By Robert Logan, livestock business consultant, SAC Consulting.

Price sustainability and a need to better share the risk of market volatility is key if the sector – from retailers through to store cattle sellers – want to continue benefitting from having professional finishers selecting and delivering upwards of 40 consistent cattle per week every week of the year.

Whilst the suckled calf producer may be the engine, these finishers are now the sectors' five-star fuel of the 21st century. Large finishers are turning over enough cattle that they know what cattle work for them and whose are worth paying that extra few pence.

In theory this can incentivise future breeding decisions They also have the scale to group cattle for market requirements and have the time and attention to meet those markets specifications.

It is therefore increasingly worth being aware of such developments, knowing cost of production and responding accordingly.

Managing volatility while requiring a high level of working capital is a prerequisite to finishing cattle. We are also in unprecedented times, as the news feed continually reminds us.

Nonetheless, the reality is still difficult to contend with in practice without a more joined-up approach for those significantly invested. There is an underlying trend of beef finishers becoming more exposed to market price. Lower subsidy receipts provide less cash ‘insulation’ and there is less money across the sector to bridge and buffer price. Abattoirs themselves highlight narrow margins per head.

Until now, such challenges have largely been a problem argued between processors and finishers but it is clearly a much deeper issue; a longer standing obstacle that any price increases only paper over.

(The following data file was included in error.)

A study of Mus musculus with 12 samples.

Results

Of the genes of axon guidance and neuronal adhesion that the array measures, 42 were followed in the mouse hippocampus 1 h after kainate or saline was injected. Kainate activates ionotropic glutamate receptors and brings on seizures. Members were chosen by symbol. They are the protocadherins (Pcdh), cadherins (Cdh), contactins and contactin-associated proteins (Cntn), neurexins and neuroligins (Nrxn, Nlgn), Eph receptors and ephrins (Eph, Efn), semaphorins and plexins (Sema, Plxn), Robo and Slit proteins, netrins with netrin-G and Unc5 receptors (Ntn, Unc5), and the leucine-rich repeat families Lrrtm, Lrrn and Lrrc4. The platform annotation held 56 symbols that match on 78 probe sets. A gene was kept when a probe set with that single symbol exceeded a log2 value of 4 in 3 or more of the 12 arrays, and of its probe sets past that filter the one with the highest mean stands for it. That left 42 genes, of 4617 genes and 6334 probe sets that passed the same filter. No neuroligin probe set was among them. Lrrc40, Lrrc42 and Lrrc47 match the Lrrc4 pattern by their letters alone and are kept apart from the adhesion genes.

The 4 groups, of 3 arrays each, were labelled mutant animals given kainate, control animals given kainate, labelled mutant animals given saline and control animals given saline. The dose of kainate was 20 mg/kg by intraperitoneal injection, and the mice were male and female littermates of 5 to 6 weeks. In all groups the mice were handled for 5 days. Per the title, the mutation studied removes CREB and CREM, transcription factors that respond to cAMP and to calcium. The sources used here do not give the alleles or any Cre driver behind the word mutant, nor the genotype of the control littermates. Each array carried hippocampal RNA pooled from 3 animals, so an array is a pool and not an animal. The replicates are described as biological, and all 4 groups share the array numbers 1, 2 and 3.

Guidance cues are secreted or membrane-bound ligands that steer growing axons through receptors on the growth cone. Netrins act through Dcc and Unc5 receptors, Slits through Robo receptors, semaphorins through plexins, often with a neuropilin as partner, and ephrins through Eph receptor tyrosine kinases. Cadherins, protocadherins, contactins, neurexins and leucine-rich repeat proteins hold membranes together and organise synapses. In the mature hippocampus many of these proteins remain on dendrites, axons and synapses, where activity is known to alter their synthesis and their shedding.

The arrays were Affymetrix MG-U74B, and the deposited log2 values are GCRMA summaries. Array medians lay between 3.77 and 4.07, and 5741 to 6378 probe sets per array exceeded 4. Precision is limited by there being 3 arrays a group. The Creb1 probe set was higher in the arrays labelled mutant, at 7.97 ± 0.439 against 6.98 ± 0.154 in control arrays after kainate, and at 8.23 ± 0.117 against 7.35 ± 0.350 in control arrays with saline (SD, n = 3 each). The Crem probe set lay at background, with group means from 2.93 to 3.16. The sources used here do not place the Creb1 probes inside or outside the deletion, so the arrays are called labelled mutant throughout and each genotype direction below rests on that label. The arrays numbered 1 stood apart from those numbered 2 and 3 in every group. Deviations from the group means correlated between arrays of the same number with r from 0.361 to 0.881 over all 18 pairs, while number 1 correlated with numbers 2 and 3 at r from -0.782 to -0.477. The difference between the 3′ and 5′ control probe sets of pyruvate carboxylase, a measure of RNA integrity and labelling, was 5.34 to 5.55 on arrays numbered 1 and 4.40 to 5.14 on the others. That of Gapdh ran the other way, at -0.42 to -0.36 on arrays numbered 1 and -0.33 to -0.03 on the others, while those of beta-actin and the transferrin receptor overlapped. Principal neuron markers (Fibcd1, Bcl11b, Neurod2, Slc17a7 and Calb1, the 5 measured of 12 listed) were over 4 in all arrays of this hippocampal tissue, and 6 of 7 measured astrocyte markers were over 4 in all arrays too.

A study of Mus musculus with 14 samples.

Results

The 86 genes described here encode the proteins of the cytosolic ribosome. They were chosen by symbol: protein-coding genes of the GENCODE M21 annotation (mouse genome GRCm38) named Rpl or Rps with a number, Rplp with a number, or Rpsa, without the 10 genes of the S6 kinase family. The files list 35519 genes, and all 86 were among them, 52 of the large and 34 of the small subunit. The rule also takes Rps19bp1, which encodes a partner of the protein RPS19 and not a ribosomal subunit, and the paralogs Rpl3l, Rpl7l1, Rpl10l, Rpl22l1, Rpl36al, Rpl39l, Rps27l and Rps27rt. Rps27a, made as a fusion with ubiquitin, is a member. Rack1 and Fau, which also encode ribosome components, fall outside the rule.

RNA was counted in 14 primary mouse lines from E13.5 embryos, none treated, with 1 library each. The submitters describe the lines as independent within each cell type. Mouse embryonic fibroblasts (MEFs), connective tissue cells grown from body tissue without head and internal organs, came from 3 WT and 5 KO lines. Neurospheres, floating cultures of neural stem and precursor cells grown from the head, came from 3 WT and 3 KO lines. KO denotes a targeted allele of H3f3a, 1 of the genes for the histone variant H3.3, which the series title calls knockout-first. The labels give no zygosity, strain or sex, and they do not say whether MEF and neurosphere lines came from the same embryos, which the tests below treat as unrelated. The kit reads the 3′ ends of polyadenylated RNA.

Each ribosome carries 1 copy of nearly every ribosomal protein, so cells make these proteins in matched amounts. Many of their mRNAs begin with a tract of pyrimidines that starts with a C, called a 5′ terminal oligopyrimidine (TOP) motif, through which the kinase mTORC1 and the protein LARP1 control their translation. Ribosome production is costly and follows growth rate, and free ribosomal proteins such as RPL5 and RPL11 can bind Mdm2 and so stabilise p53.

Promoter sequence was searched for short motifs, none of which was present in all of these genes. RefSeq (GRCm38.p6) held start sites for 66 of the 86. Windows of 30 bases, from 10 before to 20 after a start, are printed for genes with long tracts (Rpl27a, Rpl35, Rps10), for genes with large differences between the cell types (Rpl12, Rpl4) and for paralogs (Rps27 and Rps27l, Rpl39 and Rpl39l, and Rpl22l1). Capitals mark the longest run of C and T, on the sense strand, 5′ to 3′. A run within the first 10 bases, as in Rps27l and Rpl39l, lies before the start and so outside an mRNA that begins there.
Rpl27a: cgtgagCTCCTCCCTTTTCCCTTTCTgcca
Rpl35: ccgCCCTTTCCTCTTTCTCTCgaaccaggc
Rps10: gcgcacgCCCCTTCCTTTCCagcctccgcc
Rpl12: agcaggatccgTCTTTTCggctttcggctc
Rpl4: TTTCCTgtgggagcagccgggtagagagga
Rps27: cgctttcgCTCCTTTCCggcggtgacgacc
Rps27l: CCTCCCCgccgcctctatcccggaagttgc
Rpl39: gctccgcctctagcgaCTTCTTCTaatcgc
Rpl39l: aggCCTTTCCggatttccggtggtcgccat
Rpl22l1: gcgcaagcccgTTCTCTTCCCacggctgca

Driving price upwards through reduced supply may add value but we are increasingly searching for marginal gains. Low retail price inflation, the consumer price point for beef and the competitiveness of imported beef and other proteins (such as chicken) dictate that beef sales have an upper price limit.

Within the farmgate, what is a sustainable market price when there are wide ranging production costs? Meanwhile, exposure to market volatility can be partly managed through improved buyer/seller relations and calculating and negotiating the best time of buying and selling cattle, and required inputs.

SAC Consulting are revisiting work on different beef business models and contract arrangements (formal and informal). Greater work is also underway to demonstrate value in improved communication across the chain.

Processors and retailers are likely to be more receptive to credible proposals especially if approaching a period of reducing domestic beef supply. Beyond reviewing and promoting best practice, SAC have also added a number of project areas such as enhanced nutritional software, focused breeding programs, carbon footprinting measures, economic trend analysis, cattle’s place in managing grassland for production and conservation, grassland management and a few other developments besides.

It is now time to help deliver more profit from within the sector whilst better framing and measuring wider public and environmental goods derived from livestock production.

Confidence and commitment

It is always worth taking confidence from buying decisions and recent weeks have seen large consignments of growing cattle at ‘grass’ cattle sales being meet by keen trade.

Heavier cattle have lifted marginally but there is £20-50/hd more on 350-400kg cattle since the start of April, depending on the sale. Buyers have returned to the market, being well ahead with field work and with the smell of growing grass in the air. With grass available and domestic supply likely to contract, it shows continued commitment.